This "Historically Speaking" column appeared in the Exeter News-Letter on Friday, June 21, 2013.
Back in Wheelwright’s day, everyone in town had to pay taxes to both the town and the parish. There was only one church with only one meeting house. Whether you subscribed to the particular denomination or not, you still had to pay for the church, the minister and the minister’s upkeep. This was no small requirement considering the town church often functioned as the town government. However, they were required to attend church services – a difficulty if you happen to live on the outskirts of town. Schlepping in for Sunday services in the dead of winter could be a huge project in an era before there were halfway decent roads.
Newmarket was the first part of Exeter to request a separation. The meeting house was simply too far away for most people and it had become a problem. It was only eight miles away, but that was quite a trek by horse cart. In 1727, they petitioned the town of Exeter to be allowed to form their own parish. Exeter approved the separation – but continued to charge taxes for municipal expenses until 1737, when the Provincial Legislature granted Newmarket complete town privileges.
Of course, there were two parts of Newmarket in 1727. There was the Newmarket we know today on the Lamprey River and the portion known as ‘Newfields’ on the Squamscott River. These separate parts of town had separate post offices, the Newmarket branch and the Newfields branch, which was called ‘South Newmarket.’ When the two towns separated in 1849, Newfields, for simplicity sake, called itself ‘South Newmarket.’ It continued to be called South Newmarket for the next 26 years. All the men who served in the Civil War from the town are listed as being from South Newmarket. Finally, in 1895, the town officially changed its name to Newfields after the will of Dr. John Brodhead gifted the town $10,000.00 to buy books for a public library – but only if it changed its name officially to Newfields.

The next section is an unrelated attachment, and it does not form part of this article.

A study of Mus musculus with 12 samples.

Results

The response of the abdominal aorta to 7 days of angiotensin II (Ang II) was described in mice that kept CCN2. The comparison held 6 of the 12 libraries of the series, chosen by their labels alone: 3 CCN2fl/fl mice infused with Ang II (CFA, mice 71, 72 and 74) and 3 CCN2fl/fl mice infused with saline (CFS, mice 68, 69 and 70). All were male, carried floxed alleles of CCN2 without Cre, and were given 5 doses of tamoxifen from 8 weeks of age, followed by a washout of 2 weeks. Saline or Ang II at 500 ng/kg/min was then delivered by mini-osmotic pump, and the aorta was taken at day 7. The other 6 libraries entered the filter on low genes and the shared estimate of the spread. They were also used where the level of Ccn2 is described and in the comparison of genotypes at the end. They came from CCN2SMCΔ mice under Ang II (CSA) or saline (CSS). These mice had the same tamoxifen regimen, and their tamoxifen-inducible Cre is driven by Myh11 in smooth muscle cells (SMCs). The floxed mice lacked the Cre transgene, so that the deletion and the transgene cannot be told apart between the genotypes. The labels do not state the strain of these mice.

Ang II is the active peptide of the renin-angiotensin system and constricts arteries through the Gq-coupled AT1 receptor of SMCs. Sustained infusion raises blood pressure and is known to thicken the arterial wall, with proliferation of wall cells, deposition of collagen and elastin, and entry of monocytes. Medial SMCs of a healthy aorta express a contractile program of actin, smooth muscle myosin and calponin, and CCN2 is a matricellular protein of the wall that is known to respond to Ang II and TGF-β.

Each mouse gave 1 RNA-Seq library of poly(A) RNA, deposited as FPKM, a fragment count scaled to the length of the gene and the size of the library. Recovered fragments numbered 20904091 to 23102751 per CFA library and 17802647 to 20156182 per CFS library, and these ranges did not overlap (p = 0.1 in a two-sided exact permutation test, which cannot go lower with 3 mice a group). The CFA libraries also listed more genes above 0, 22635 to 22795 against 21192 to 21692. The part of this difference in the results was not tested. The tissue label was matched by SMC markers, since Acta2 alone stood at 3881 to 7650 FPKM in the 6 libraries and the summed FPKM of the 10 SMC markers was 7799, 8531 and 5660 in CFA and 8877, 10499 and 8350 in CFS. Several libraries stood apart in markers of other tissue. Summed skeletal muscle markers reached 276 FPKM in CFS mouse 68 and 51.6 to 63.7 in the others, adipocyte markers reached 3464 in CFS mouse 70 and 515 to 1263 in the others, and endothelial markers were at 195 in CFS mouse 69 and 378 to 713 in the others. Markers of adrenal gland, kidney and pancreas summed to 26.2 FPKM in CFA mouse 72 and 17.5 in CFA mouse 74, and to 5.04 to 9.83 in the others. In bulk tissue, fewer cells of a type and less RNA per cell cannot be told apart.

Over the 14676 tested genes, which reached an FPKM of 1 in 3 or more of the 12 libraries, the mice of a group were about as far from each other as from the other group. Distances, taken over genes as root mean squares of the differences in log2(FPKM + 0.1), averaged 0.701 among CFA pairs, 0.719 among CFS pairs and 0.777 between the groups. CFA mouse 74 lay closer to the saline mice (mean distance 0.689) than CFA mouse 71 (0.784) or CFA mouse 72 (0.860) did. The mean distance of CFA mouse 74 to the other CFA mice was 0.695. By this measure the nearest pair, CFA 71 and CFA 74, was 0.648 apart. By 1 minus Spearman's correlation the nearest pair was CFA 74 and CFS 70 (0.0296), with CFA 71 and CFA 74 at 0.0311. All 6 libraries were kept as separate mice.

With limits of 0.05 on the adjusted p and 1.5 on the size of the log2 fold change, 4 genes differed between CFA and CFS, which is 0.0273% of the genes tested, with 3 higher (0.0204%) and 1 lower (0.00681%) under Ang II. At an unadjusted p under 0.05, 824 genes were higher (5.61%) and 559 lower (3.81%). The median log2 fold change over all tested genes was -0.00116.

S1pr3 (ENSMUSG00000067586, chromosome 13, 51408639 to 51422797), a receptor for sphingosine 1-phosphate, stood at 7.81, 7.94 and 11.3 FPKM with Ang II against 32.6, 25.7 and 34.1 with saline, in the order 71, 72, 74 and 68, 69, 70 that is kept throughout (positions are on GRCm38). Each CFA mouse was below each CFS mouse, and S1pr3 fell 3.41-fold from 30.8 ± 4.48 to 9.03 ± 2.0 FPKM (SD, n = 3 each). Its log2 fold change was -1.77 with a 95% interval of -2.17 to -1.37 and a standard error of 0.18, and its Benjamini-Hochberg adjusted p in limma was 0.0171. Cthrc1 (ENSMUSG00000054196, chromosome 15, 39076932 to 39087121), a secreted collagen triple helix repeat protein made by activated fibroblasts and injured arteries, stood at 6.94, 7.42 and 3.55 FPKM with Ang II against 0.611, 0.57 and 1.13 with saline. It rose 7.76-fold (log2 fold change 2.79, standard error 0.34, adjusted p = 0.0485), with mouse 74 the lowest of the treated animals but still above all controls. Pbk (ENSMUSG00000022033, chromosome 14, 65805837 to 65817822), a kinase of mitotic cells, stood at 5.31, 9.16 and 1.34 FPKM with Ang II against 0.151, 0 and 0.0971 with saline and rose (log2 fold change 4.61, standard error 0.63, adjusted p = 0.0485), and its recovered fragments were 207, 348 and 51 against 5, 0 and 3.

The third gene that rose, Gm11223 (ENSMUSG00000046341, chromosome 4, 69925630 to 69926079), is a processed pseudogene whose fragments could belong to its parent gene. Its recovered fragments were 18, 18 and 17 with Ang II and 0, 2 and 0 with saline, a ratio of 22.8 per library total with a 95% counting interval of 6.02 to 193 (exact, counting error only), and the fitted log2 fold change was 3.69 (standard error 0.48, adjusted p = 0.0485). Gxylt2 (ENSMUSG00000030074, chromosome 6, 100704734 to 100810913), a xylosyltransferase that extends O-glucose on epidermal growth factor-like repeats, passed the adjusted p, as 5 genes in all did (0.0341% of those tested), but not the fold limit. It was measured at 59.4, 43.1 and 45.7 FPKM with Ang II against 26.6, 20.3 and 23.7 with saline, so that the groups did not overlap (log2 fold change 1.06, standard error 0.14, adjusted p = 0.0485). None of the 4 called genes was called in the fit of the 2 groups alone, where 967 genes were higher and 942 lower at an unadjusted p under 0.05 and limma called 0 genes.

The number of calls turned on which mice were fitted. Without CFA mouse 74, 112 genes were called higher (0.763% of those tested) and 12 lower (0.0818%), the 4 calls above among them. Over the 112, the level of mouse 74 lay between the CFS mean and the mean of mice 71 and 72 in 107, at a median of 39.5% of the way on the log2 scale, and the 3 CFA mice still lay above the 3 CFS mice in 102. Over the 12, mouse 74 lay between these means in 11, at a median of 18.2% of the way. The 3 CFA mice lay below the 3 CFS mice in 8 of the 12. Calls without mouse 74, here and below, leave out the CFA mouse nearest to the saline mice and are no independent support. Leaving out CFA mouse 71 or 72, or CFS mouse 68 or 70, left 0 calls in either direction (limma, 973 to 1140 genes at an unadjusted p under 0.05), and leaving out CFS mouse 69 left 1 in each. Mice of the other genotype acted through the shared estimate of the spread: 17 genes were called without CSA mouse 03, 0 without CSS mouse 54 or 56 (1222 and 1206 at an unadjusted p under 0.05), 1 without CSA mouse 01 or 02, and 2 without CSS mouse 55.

Far in the northwest corner of Exeter was a heavily wooded area. To encourage settlement, the town gave away woodlots to anyone willing to move there. In 1741, the people in this part of town voted to ask Exeter to let them form into their own town. Named for Epping Woods in England, Epping – the self-described ‘center of the universe’- was granted township rights in early 1742. Theirs was a peaceful and uncomplicated separation. The same cannot be said for Brentwood and Fremont.
Brentwood asked to leave Exeter at about the same time as Epping. Like the other towns, the difficulty of getting to the Exeter meetinghouse and the requirement to pay Exeter taxes were cited as reasons to become independent. Exeter had no real objections to allowing Brentwood its freedom, and it was granted separation in June of 1742. But within the town of Brentwood there was discontent. The new town was still too large – at least it was according to the people who lived in the western part of town. They repeatedly cranked about the new Brentwood meeting house being too far away and in 1744 declared themselves to be a separate town – Keeneborough.
But Keeneborough was never legally incorporated as a town. Brentwood continued to assess taxes on the residents, who appealed to the Governor and the Provincial Council in 1748. The fight was then thrown to the local minister, Nathaniel Trask, who managed to calm everyone down and reunite the two squabbling factions. The illegal charter was thrown out in 1750 and Keeneborough ceased to exist – if it had ever existed in the first place.
But the people of the defunct Keeneborough could not be kept quiet. In 1757 they again petitioned to separate from Brentwood and again were denied. In 1763 they tried to join the town of Chester, when this was refused; they tried to join Epping, which wisely refused to get involved in the dispute. Finally, in 1764, Brentwood decided the recalcitrant part of town was too much trouble to keep and snapped the leash free. The new town named itself ‘Poplin’ for reasons that are unclear. Even within the new boundaries, there were still some rebellious folks. In 1765 the northern part of Poplin tried, unsuccessfully, to join with Epping.
The request was again denied. Epping was happy being Epping and didn’t need a cousin Oliver to mix things up. Poplin patched up its internal differences and unified to become a town. Except no one really liked the name ‘Poplin.’ In 1853, they almost changed their name to ‘Lindon’ but thought better of it. Finally, the following year, riding high on the exploits of John C. Fremont – a western adventurer who had no ties to Poplin or New Hampshire – the townsfolk voted to change the name to ‘Fremont’ and thus it has been ever since.
Photo Caption: June 30, 1938 – Couriers on horseback are dispatched from Exeter to the towns of Newmarket, Epping, Brentwood, Newfields and Fremont inviting them to participate in Exeter’s 300th Anniversary. All these towns were once part of Exeter.